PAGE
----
Listen with your eyes closed, because what you see influences what you hear.
Thus exhorted Wouter Snoei, a composer from The 192 loudspeaker experience, a concert we attended in Amsterdam with our friends.
Peter Elsea, for the University of California at Santa Cruz electronic music studios, wrote an essay on Hearing and Perception. Although he posted the essay in 1996 (so there may be more current research available), I found it an interesting accompaniment to the 192 loudspeaker concert.
Returning to Wouter’s exhortation, I wear glasses, and wearing glasses impacts my ability to hear. In loud environments particularly, I need to see the speaker’s face and lips to influence the odds of properly hearing what is being said. More on this idea is available in The University of Kent’s peer-reviewed electronic academic journal article posited by Michael A. Forrester, Auditory Perception and Sound As Event: Theorising Sound Imagery in Psychology. If you don’t feel like reading the entire article, skip ahead to section 5.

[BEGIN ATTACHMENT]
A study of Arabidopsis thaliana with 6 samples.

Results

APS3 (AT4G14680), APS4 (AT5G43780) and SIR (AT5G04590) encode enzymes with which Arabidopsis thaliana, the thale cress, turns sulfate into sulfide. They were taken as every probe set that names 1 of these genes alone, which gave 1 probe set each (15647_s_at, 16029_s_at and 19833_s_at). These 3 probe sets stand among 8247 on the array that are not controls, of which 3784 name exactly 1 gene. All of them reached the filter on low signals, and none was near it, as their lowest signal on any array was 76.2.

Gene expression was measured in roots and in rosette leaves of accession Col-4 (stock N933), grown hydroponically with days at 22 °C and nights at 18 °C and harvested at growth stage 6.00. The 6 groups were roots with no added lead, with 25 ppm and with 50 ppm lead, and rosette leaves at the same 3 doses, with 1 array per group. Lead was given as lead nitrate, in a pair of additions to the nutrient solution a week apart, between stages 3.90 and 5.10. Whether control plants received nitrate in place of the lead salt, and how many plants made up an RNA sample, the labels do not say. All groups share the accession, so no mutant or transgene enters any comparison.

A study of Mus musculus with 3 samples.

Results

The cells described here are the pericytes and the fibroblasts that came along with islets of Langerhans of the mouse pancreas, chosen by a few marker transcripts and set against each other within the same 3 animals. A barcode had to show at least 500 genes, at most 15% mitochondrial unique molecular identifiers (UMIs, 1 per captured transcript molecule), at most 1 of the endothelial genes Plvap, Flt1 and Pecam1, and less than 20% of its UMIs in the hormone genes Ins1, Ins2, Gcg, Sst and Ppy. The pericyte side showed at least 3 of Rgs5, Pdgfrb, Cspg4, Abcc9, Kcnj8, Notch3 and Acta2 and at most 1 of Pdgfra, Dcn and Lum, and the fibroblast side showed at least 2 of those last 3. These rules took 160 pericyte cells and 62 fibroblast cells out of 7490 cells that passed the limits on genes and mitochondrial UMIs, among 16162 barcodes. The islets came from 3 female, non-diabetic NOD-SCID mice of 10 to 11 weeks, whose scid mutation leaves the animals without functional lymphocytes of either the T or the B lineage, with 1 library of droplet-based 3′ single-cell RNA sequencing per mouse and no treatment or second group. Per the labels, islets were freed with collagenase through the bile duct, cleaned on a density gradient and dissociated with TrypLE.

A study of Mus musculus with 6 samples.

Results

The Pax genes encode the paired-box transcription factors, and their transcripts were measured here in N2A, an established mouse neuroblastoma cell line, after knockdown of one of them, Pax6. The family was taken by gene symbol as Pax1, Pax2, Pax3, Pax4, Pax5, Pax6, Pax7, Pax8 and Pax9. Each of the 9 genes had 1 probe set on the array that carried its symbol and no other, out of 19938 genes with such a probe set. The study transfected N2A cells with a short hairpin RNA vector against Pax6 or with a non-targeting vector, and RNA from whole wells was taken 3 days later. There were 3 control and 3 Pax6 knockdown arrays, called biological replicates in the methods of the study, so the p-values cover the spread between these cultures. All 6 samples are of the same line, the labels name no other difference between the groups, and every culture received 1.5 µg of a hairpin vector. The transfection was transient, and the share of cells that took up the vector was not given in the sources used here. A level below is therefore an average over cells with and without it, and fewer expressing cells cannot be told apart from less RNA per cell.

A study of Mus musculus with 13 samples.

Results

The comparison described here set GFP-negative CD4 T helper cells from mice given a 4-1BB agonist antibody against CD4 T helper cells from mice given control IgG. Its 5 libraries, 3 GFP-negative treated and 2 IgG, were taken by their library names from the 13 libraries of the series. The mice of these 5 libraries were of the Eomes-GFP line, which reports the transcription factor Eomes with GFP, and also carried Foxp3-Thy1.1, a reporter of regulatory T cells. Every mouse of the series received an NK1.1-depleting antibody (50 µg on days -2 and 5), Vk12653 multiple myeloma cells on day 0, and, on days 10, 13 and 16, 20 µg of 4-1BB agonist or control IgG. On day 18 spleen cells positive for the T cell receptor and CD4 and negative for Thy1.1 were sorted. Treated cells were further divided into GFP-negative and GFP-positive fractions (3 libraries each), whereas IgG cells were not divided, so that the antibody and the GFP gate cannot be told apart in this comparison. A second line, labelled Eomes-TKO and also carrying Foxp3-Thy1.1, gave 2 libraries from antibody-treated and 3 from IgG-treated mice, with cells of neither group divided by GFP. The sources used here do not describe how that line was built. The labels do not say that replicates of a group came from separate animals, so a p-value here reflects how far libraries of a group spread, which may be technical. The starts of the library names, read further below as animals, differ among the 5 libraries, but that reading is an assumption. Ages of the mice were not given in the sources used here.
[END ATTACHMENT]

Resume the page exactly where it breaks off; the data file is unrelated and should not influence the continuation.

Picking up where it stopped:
I suspect if we had kept our eyes open during the loudspeaker experience, we would surely have processed the sounds as coming from the 192 speakers. By listening with my eyes closed, I heard the sounds but conjured up images of the places or people from where the sounds may have emanated. (And yes, I did keep them closed during each of the four pieces!) This is not unlike listening to a radio, as discussed in Forrester’s article. In many instances, listening while seeing combine to enhance the ability to process the sound.
At the HyperPhysics site, hosted by the Georgia State University Department of Physics and Astronomy, you can learn more about the physics of the ear and hearing. And you can get an earful of information at Neuroscience for Kids, including experiments to test your hearing.